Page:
James Gray - Concise Bible Commentary
Paul, an apostle of Jesus Christ by the commandment of God our Saviour, and Lord Jesus Christ, which is our hope;1 timothy 1:1-20
THE SALUTATION (1 Timothy 1:1-2)
In this notice the beautiful designation of our Lord Jesus Christ as “Our Hope.” He Himself is our Hope. And when we remember that these words were written by Paul in his later years, they are all the more affecting. And notice the designation given Timothy in 1 Timothy 1:2. What bearing has this upon the proposition that he probably owed his conversion to Paul’s labors?
REFERENCE TO TIMOTHY’S MISSION AT EPHESUS (1 Timothy 1:3-4)
We have referred to the circumstance of his being left there by Paul, in our introduction. It seems to have necessitated urging on Paul’s part. What language indicates as much? What charge was he to lay upon the teachers at Ephesus? In what two directions (especially Jewish) were they inclined to digress from the Gospel? What would be likely to be the outcome of such digression?
DESCRIPTION OF THE FALSE TEACHERS (1 Timothy 1:5-7)
In this description it will be noted that the root of the offense, was in swerving from love, for such is the correct translation of the word “charity” in 1 Timothy 1:5.
DESCRIPTION OF THE TRUE USE OF THE LAW (1 Timothy 1:8-11)
These false teachers pretended to discourse of the law, by which is meant the law of Moses, without really knowing the subject on which they spoke.
The law did not apply to those who were saved under the Gospel, but it had the same bearing as ever to the unbeliever.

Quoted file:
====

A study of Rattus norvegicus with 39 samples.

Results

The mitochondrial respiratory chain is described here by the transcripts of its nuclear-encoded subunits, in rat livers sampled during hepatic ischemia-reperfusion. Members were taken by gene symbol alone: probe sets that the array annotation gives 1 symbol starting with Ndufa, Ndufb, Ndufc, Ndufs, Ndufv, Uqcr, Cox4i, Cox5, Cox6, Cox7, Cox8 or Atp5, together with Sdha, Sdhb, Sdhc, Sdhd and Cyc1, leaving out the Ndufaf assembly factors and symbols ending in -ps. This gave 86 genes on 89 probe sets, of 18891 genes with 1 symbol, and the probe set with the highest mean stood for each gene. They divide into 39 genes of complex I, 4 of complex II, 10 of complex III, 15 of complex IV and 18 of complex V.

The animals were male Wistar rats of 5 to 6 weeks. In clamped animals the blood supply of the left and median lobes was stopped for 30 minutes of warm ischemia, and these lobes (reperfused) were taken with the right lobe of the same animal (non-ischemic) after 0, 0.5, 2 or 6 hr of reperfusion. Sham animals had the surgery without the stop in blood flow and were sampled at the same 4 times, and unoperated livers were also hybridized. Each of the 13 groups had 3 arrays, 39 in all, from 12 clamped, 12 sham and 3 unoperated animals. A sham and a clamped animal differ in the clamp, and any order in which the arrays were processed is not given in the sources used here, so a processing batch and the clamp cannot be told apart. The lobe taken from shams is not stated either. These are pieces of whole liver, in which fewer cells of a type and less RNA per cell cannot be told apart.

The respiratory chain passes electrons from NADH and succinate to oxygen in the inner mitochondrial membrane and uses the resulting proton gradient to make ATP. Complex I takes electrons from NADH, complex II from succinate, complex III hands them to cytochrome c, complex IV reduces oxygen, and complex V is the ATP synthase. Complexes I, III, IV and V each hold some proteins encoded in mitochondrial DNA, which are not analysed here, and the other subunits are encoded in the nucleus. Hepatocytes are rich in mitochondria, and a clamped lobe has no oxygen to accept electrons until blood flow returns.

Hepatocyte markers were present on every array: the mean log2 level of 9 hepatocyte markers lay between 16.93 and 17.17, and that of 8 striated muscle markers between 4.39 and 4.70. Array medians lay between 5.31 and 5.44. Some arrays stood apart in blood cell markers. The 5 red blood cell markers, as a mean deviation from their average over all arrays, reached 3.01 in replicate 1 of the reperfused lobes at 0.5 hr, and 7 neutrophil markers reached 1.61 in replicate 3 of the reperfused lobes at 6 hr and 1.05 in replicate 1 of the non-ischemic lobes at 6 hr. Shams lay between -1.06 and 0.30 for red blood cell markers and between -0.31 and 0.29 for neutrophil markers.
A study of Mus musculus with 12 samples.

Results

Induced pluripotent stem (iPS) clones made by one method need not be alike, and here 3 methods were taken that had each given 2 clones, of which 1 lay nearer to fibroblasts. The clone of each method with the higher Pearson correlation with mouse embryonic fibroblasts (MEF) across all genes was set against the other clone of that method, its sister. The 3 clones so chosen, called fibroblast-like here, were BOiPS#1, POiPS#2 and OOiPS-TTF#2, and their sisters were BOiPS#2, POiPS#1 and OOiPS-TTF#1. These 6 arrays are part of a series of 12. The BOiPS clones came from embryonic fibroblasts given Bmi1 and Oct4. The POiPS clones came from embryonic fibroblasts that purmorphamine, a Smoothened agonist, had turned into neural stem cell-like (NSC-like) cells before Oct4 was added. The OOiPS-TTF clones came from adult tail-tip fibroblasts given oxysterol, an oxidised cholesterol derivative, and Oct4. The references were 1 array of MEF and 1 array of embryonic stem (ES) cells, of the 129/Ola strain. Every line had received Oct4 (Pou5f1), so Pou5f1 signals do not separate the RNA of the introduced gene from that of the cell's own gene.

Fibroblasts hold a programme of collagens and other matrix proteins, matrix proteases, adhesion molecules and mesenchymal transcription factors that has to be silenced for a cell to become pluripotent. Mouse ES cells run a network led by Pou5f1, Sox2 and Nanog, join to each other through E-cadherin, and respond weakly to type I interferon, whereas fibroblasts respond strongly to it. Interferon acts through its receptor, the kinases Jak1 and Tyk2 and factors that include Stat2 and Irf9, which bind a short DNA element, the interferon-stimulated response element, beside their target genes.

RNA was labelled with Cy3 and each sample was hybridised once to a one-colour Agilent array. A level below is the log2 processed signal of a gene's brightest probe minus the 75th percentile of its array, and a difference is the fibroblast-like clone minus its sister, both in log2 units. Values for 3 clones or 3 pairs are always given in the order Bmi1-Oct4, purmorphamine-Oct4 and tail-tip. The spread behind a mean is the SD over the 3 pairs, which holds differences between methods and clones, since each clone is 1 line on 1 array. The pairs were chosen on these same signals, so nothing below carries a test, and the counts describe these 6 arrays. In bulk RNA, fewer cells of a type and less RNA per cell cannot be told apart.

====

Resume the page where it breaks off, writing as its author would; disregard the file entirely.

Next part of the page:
DIGRESSION: THE CIRCUMSTANCES OF PAUL’S CONVERSION (1 Timothy 1:12-17)
This springs from his allusion to the Gospel in 1 Timothy 1:11, a Gospel committed to his trust as a steward to proclaim. He does not spare himself in extolling the grace of God toward him (1 Timothy 1:13-15), and he uses his own history as an example and encouragement to the worst of sinners (1 Timothy 1:16).
PERSONAL CHARGE TO TIMOTHY (1 Timothy 1:18-20)
This charge is the single one to fight the good fight of faith, to which he is stimulated by two considerations. The first is the “prophecies which went before” on him, the supernatural predictions of his future; and the second, the failure of some who had started in the fight with him and fallen back. The good fight of faith in his case is that which was personal to himself, and that which concerned his ministry. It is not the conflict of the Christian life in general which Paul refers to so much, as that of a leader in the church against the opponents of a pure Gospel.
1. What title is given Jesus Christ in this lesson?
2. What led to the defection of these false teachers?
3. How does Paul consider his ministration of the Gospel?
4. What is meant by the fight of faith in Timothy’s case?
5. How many questions are in the body of this lesson, and how many have you answered satisfactorily?